With more than 450-million members, the biggest professional networking site is LinkedIn. While it’s supposed to be a place for users to make career connections and meet people in their field, it’s also become a place where some people troll for dates. And by doing it on LinkedIn, they’re able to be more sneaky about it.
Most of us don’t expect to get hit on there, but many people admit that a LinkedIn connection has tried to use it as a dating site. We’re talking penis pics in their inbox inappropriate, ladies.
And dating app expert and editor-in-chief of Hinge’s official blog, IRL, Molly Fedick understands why. “LinkedIn has the lowest barrier to entry and is the least ‘risky’ social platform to connect with someone,” she says. “If you get rejected, you can always default to, ‘Well, I just wanted to connect for professional reasons.’”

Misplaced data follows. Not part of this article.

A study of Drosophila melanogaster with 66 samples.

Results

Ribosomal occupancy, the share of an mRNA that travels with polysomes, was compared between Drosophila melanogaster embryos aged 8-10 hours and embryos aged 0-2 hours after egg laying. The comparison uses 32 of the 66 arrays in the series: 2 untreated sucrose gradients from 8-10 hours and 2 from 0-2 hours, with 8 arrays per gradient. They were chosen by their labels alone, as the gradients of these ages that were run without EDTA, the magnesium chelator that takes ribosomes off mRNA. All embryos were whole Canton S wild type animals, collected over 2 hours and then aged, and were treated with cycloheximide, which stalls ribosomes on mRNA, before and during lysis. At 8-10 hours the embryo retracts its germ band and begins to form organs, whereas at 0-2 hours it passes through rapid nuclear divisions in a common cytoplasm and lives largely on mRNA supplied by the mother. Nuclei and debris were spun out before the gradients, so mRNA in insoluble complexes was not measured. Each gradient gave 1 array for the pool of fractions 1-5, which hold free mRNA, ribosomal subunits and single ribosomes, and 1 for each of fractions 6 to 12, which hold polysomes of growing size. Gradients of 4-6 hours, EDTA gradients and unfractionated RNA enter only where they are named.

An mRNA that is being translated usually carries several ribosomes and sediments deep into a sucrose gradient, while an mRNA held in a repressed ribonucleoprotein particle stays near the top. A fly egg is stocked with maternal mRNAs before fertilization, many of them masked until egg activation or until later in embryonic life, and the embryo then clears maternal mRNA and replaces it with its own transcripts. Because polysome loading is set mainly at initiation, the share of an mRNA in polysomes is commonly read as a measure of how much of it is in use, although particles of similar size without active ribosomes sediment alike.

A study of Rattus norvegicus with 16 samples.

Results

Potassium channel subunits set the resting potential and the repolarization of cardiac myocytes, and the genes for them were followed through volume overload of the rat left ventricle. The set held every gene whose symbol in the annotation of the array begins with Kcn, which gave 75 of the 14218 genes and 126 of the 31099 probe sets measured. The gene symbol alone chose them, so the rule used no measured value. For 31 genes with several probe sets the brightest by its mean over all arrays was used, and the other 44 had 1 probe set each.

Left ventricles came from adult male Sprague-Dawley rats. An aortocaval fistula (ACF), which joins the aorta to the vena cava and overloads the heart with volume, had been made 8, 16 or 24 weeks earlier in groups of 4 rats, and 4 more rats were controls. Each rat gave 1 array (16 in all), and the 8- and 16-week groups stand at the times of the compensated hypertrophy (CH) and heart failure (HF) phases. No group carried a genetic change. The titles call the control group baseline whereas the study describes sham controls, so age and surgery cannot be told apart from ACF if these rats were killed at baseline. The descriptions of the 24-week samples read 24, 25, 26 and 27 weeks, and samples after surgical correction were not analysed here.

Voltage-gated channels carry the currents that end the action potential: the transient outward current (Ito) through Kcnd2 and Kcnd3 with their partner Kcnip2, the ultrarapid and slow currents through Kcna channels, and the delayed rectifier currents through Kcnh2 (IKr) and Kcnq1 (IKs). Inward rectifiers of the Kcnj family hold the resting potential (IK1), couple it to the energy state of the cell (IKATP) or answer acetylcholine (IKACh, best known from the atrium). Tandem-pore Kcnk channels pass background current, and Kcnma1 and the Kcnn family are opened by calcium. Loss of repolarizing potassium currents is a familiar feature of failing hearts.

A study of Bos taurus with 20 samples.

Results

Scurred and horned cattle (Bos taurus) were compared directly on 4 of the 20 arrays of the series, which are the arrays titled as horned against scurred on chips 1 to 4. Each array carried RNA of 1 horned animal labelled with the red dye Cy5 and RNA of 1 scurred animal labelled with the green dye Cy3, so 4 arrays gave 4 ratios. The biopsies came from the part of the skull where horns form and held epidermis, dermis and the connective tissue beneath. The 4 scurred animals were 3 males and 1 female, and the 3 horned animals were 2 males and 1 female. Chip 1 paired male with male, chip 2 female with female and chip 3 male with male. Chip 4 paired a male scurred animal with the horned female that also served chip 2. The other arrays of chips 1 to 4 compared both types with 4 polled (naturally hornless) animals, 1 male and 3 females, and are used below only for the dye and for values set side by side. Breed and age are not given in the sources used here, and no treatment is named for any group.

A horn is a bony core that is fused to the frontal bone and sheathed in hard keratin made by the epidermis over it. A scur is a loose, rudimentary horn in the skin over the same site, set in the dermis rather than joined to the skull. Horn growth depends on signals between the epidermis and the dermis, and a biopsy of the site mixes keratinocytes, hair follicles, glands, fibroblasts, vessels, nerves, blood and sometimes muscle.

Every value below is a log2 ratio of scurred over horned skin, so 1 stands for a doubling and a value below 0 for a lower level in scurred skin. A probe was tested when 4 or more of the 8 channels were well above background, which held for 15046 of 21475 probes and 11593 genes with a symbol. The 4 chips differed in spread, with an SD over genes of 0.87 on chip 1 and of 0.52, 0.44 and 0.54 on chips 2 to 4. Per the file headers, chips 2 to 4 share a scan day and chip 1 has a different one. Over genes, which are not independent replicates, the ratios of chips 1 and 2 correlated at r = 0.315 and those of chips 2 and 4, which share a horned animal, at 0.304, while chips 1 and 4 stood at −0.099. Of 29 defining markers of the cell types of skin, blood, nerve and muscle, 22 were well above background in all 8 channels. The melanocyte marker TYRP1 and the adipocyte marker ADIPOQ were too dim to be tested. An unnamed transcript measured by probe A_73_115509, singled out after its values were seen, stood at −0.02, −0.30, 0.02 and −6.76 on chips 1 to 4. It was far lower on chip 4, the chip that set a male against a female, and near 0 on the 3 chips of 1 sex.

So using LinkedIn is a good way to “test the waters” and is less aggressive than a Facebook or Instagram request, Fedick explains. And it gives people a place to hide behind the idea that their connections are all career-related, so a guy in a committed relationship could avoid his S.O. finding out he’s cheating or looking to, because he’s using LinkedIn instead of an actual dating site to do the dirty work.
But once users have been approached on LinkedIn for non-professional reasons, they stop trusting people’s intentions. Because when you’re trying to network and someone asks to meet for coffee, it’s hard to know if that’s a date or a business opportunity. So can we please just keep LinkedIn for professional purposes and leave the dating to Match.com?